In the section about Sarah Palin in Rebecca Traister's book about women during the 2008 election, Big Girls Don't Cry , Traister quotes consultant Elaine Lafferty, who claims that Palin adored Gloria Steinem and her feminist sisters and couldn't understand why they didn't warm to her . According to Lafferty, Palin said of Steinem, she "was my hero! Why do they hate me? I'm a feminist."
If Gloria Steinem really was once Palin's idol, she sure ain't anymore. Palin uses an entire chapter of her new book, America By Heart , to diss liberal feminists, past and present. She insults Betty Friedan twice; she says that in 1992 Hillary Clinton seemed "frozen in an attitude of 1960s-era bra-burning militancy"; she calls her allegedly beloved Steinem out for saying that "no woman who believes abortion is wrong can call herself a feminist"; and finally, she claims that fewer women call themselves feminists these days because "somewhere along the line feminism went from being pro-woman to effectively anti-woman." All the while she trots out, and then repeats, some fun old stereotypes of liberal feminists: They emphasize women as victims because they're obsessed with rape and domestic violence, they are disdainful of "the joys and fulfillment we find in motherhood."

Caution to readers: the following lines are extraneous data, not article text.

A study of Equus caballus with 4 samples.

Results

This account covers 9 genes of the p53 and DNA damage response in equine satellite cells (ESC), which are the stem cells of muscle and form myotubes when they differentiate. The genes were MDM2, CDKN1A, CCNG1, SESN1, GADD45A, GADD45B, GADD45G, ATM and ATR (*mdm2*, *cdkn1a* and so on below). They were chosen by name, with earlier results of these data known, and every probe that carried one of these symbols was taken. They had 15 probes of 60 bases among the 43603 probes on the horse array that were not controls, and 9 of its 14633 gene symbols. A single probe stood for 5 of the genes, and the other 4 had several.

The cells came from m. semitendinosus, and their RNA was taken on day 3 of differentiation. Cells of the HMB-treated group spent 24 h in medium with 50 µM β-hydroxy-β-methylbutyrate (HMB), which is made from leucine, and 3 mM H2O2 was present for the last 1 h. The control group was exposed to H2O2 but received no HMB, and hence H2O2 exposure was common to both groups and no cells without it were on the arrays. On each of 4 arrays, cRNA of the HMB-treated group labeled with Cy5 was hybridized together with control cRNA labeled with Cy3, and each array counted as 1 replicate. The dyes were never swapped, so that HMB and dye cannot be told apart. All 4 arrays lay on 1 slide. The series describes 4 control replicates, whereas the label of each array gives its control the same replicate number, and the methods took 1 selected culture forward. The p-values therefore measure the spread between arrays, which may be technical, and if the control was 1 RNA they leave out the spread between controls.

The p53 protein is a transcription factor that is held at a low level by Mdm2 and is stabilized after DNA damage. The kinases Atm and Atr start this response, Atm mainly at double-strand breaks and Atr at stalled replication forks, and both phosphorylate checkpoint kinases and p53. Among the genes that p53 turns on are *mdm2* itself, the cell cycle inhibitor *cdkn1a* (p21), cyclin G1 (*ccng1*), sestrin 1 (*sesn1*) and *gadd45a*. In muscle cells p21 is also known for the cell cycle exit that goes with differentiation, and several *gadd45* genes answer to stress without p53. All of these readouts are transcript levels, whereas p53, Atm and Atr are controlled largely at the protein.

What's especially entertaining is the part where she spends several pages going off on Murphy Brown- a fictional character from the early '90s . By Palin's twisted logic, Murphy Brown is a terrible role model for having a child as a single woman, but her daughter, Bristol, is a great role model for making the same decision. Why? Because Brown's creator Diane English trumpeted Brown's decision as an empowering lifestyle choice, while Bristol has the good sense to go out and "tell other young girls, 'Don't do what I did.'"
We had a big discussion on Slate earlier this year, with lots of feminist writers participating from both ends of the political spectrum, about who gets to be a feminist. In this new book, Sarah Palin has made it clear that she doesn't care what any of us thinks about who gets to be one: She's redefining the term to suit her needs like she always does, and proclaiming herself a " new feminist" (italics hers). Here's her definition:
The new feminism is telling women they are capable and strong. And if keeping a child isn't possible, adoption is a beautiful choice. It's about empowering women to make real choices , not forcing them to accept false ones. It's about compassion and letting these scared young women know that there will be some help there for them to raise their children in those less-than-ideal circumstances.